Gail Theilmann Kodosky and Jeff Kodosky ’70 have made a gift of $5 million that will create the first constellation (see page 15) at Rensselaer and provide major impetus to the Rensselaer Plan and President Jackson’s vision for Rensselaer as a world-class technological research university. The gift will establish the Gail and Jeffrey L. Kodosky ’70 Constellation in Physics, Information Technology, and Entrepreneurship.   

“This gift represents a ringing vote of confidence in the future of Rensselaer,” President Jackson said. “I am very grateful to Jeff and Gail for their extraordinary leadership and generosity. Through this gift, future generations of scientists will contribute to business and research in a myriad of ways, following the example set by Jeff Kodosky in his career.”   

Jeff Kodosky earned a bachelor’s degree in physics from Rensselaer in 1970. He is co-founder, director, and vice president of research and development of National Instruments, a leading developer and manufacturer of integrated software and hardware for engineers and scientists. Kodosky credits his Rensselaer education and, in particular, his training in physics with giving him an “entire approach to problem solving” that has led to his success in business.

Kodosky is a Rensselaer Key Executive and a member of the School of Science Advisory Board. Through the Kodosky Family Foundation, Gail and Jeff Kodosky have been strong supporters of the Rensselaer Annual Fund, the Patroon Scholars Program, the Center for Initiatives in Pre-College Education, the Rensselaer Union Classical Concert Series, the Blue Ribbon Initiative of the School of Engineering, and the School of Science.   

Last year, Jeff Kodosky was instrumental in securing a gift valued at $5.7 million of software and site licenses from National Instruments for LabVIEW, the first such agreement between National Instruments and a university. LabVIEW, co-created by Kodosky, is the industry-standard graphical programming environment for measurement and automation. Kodosky also has actively recruited Rensselaer students to work for National Instruments.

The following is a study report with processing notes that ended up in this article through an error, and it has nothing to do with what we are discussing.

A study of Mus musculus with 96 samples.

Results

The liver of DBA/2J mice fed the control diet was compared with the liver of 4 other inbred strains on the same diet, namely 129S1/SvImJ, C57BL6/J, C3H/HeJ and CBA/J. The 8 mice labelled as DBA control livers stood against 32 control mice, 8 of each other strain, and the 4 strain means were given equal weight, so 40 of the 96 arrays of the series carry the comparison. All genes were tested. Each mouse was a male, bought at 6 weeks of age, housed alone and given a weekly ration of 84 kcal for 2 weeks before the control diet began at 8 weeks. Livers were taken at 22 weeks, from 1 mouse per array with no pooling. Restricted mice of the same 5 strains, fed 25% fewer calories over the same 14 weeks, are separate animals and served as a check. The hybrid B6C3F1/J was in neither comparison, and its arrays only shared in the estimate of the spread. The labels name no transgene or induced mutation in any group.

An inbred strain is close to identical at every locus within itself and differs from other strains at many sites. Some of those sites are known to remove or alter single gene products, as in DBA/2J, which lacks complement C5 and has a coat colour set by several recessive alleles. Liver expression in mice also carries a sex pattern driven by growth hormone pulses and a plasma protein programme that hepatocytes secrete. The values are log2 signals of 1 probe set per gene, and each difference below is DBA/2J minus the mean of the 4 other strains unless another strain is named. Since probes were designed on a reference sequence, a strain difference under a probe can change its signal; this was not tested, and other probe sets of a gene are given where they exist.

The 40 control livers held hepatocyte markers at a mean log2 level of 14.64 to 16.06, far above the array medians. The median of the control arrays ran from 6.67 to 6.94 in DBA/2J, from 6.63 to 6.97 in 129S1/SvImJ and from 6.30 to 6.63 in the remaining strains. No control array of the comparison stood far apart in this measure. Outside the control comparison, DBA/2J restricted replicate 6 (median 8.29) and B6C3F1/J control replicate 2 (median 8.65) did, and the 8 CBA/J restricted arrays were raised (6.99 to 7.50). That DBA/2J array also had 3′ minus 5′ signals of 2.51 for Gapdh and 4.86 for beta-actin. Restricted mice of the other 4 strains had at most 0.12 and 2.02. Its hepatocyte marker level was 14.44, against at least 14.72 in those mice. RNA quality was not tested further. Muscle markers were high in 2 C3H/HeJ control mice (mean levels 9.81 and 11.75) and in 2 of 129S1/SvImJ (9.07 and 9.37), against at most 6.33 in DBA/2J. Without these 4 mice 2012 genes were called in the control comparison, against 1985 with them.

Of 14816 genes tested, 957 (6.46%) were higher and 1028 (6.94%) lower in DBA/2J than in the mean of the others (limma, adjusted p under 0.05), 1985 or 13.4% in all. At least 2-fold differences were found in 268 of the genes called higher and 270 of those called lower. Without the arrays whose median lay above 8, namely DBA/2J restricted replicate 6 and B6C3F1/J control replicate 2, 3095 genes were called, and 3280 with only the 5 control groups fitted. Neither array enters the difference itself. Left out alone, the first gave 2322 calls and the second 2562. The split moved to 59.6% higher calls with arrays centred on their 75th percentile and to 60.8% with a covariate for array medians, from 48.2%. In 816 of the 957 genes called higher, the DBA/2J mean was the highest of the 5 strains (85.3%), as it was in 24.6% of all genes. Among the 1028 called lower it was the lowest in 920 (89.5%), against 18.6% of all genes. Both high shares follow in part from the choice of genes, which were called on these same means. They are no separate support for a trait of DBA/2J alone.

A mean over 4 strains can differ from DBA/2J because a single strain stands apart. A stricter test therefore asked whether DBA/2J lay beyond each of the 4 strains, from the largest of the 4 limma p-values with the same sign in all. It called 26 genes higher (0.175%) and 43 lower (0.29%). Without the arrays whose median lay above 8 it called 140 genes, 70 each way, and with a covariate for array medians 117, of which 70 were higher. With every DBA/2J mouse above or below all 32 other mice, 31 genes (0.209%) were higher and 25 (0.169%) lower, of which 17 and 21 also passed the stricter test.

Architecture graduate and His Wife Follow in Mentor’s Footsteps

Rensselaer is the recipient of a major bequest from the estate of Dorothy and James Penn ’40, valued at $2.35 million. James Penn was a graduate of the School of Architecture. As a student, he was a member of the Glee Club and the Rensselaer Society of Engineers. After leaving Rensselaer, Penn returned to his home state of Tennessee, where he spent his career as a buyer for the Aluminum Company of America (ALCOA).   

Edwin Stanton Fickes, an ALCOA executive and Class of 1894 Rensselaer alumnus, had a strong influence on Penn’s decision to attend Rensselaer and to work for ALCOA. Fickes, who received an honorary doctor of engineering degree in 1936, left Rensselaer $8.2 million in his estate.   

While never a practicing architect, James Penn’s love for architecture remained strong throughout his life. For well over 50 years, he maintained strong ties with Rensselaer and, in particular, with the School of Architecture. The Penns were active in their local garden club and conservation efforts. James Penn died on March 1, 1998. Dorothy Coe Penn died on Jan. 15, 2000. The strength of their love for one another is exemplified by the following quote from Dorothy Coe Penn: “In 20 years, only two arguments!”